Newcastle 02 Academy is the first stop for The Prodigy on a new tour of the UK

Keith Flint, Maxim and Liam Howlett are The Prodigy
Keith Flint, Maxim and Liam Howlett are The Prodigy

The Prodigy have announced a UK tour in support of new album The Day Is My Enemy.

Tickets go on sale on Wednesday for the May 4 gig at Newcastle O2 Academy, kicking off point for the tour.

A big noise in electronic rock for more than 20 years – or at least since Firestarter was released in 1996 – The Prodigy have sold more than 25m albums and won numerous music awards.

The band was formed in 1990 by Essex boy Liam Howlett who is still the driving force behind the band along with Keith Flint whose mug featured on the memorable Firestarter video deemed too scary for small kids.

Howlett and Flint are still in the band along with Maxim (alias Peterborough-born Keith Palmer) who was welcomed on board in the early years to pep up the live shows.

The new album is to be released on March 30, preceded by a single, Nasty, on February 9.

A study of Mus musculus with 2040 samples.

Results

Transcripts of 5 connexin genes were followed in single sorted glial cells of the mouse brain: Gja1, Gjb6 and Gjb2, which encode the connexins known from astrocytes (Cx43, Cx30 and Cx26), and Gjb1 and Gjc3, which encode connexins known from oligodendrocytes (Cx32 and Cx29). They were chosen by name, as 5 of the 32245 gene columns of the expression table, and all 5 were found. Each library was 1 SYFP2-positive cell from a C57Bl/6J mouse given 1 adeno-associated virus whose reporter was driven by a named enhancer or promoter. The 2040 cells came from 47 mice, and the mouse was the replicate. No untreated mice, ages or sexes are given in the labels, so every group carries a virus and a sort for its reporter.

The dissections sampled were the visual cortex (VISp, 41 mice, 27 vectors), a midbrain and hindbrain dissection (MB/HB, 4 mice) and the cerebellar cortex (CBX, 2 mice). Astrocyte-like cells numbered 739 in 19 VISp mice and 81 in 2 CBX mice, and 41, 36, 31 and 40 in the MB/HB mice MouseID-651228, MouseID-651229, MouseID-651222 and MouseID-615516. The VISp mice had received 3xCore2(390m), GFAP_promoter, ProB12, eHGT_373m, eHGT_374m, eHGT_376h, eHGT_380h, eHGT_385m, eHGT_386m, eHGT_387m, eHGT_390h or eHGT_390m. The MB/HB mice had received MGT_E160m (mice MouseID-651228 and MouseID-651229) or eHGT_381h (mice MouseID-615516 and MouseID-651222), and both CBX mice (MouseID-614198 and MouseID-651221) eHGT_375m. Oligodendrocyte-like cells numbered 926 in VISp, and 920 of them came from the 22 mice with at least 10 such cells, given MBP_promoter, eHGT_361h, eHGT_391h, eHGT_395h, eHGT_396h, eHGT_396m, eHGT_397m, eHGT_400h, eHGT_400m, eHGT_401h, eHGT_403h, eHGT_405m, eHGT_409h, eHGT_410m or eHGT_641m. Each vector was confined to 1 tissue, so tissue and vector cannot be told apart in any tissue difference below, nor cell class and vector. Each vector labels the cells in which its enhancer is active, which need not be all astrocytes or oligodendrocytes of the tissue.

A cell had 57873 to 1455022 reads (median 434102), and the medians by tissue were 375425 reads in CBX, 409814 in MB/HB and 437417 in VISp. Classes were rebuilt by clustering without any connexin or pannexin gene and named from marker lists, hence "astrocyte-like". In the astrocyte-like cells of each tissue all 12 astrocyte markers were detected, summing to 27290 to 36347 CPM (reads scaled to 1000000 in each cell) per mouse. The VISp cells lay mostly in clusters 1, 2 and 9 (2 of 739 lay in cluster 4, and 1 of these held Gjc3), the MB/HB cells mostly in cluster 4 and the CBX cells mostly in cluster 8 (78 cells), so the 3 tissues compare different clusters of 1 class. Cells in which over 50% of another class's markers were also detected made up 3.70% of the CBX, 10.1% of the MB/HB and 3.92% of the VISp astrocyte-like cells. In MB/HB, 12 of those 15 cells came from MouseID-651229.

Enemy? Nasty? We can assume this is not going to be tranquil lounge music.

“I can’t tell you why this record came out so angry,” says Howlett, who trained as a classical pianist before hip hop and rave culture claimed him.

“I think it’s just inbuilt in me. It’s more about what I like music to do.

“I’ve always seen music I like as a form of attack. That’s what I use music for. It’s an attack.

“I didn’t plan this album to sound violent – it’s just the sound that came out of the studio, a kind of build-up over the last four years.

“‘Anger is an energy’ – that’s a lyric which always resonated with me. The tension is buried deep in the music from the first drop. It’s all about the sound having that sense of danger. That’s what The Prodigy sound is about.”

The band, via their publicists, reckon this is “probably the most British-sounding album you’ll hear this year”.

But: “Not British in the flag-waving, jingoistic sense but in a way that understands that the night-time spaces of urban Britain are a multi-hued cacophony of cultures.

“If Invaders Must Die (the last album, out in 2009) was the sound of the rusted urban sprawl decaying like an open wound in the British countryside, then The Day is My Enemy is about the angry humanity existing in the decay of the urban nightmare.”

Tickets for what sounds like a noisy and angry night’s entertainment can be bought from 9am on Wednesday via the ticketmaster and gigsandtours websites.